Chinese Foreign Minister Wang Yi visited South Africa this week, where he met with President Jacob Zuma as well as International Relations and Cooperation Minister Maite Nkoana-Mashabane.
In their meeting, both Wang and Zuma stressed the importance of Chinese aid for South African development. Zuma said that South Africa appreciated China’s help in that regard while Wang said China remained committed to supporting industrialization and infrastructure building in South Africa as well as the entire African continent. Wang particularly noted South Africa’s public health sector as an area where China will seek to make contributions.
“China will continue to play a pivotal role in South Africa’s re-industrialization and developmental agenda going forward,” Nkoana-Mashabane told journalists in a press conference after her meeting with Wang.
South Africa, China’s largest trading partner in Africa, is one of only two African nations to join the Chinese-led Asian Infrastructure Investment Bank (AIIB) so far, with Egypt as the other. China and South Africa will also work together to establish the news BRICS bank, with South Africa to host the regional center for the development bank.
While South African clearly values its economic relationship with China, like many other nations, it is also concerned about a trade deficit with China. After her meeting with Wang, Nkoana-Mashabane told reporters, “Our two Governments are working very hard together to address the negative trade deficit and to ultimately attain a more equitable and mutual trade balance.”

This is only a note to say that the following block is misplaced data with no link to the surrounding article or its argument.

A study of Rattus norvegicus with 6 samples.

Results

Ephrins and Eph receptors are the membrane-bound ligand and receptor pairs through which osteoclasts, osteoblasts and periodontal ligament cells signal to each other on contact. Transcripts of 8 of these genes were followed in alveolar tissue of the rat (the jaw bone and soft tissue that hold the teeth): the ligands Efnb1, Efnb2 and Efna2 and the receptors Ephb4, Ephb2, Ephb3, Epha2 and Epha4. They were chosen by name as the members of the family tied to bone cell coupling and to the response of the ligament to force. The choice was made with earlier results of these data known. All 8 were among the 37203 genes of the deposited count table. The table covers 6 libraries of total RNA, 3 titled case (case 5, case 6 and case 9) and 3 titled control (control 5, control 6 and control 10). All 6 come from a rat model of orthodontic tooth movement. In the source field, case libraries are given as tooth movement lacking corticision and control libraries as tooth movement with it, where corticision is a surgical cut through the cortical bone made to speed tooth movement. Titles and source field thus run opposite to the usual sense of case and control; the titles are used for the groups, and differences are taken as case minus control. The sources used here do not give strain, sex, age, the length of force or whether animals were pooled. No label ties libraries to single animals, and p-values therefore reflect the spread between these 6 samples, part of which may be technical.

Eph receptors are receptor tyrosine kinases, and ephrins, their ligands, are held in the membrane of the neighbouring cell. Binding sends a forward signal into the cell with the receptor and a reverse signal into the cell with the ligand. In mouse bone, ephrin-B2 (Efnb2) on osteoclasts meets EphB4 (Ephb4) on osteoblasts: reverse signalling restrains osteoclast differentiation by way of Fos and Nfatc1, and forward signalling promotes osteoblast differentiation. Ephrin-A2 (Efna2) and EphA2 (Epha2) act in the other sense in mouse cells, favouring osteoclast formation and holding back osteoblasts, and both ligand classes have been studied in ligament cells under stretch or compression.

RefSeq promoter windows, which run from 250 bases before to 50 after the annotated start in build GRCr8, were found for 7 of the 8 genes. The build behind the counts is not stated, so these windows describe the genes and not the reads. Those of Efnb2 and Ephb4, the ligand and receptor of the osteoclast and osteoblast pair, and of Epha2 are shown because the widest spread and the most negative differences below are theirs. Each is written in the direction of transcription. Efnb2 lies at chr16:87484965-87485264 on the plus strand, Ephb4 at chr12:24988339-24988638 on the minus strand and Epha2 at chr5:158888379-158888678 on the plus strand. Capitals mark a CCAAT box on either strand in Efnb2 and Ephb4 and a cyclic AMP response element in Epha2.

China, for its part, sees South Africa as a crucial piece of its relationship with the entire African continent. “China-South Africa cooperation will drive China-Africa cooperation and promote an overall African revival,” Wang said during his meeting with Zuma.
But even as Wang and South African leaders extolled a cooperative relationship, acts of violence against foreigners in South Africa made life difficult for some Chinese citizens. The attacks, centered thus far in the coastal city of Durban, have left five dead and hundreds more homeless. Some 2,000 foreign nationals have sought shelter at refugee camps in Durban, according to the South African aid group Gift of the Givers.
On Thursday, thousands of South Africans joined in a march through Durban signaling solidarity with foreign nationals.
Zuma condemned the violence in a speech before the National Assembly, calling it “shocking and unacceptable.” “No amount of frustration or anger can ever justify the attacks on foreign nationals and the looting of their shops,” Zuma said. “We condemn the violence in the strongest possible terms.”
However, Zuma also recognized legitimate concerns among South Africans over “illegal and undocumented immigrants in the country, the increase in the number of shops or small businesses that have been taken over by foreign nationals and also perceptions that foreign nationals commit or perpetrate crime.”
Above all, the protesters are frustrated by a lack of economic opportunity, symbolized by high unemployment rates and rising inequality. “There are socio-economic issues that have been raised which are being attended to,” Zuma said.
Most of those targeted in the attacks were immigrants from other African countries, especially those who own and operate small businesses. However, Chinese shopkeepers were caught up in the violence as well.
Chinese Foreign Ministry spokesperson Hong Lei told reporters that some Chinese-owned shops had been looted. China’s embassy in South Africa “lodged representations with the local police, asking them to take prompt and effective measures to guarantee the personnel and property security of Chinese citizens,” Hong said. He added that the embassy has warned Chinese citizens “to step up security precautions.”
South Africa has a large Chinese immigrant population, with estimates ranging from 200,000 to over 300,000.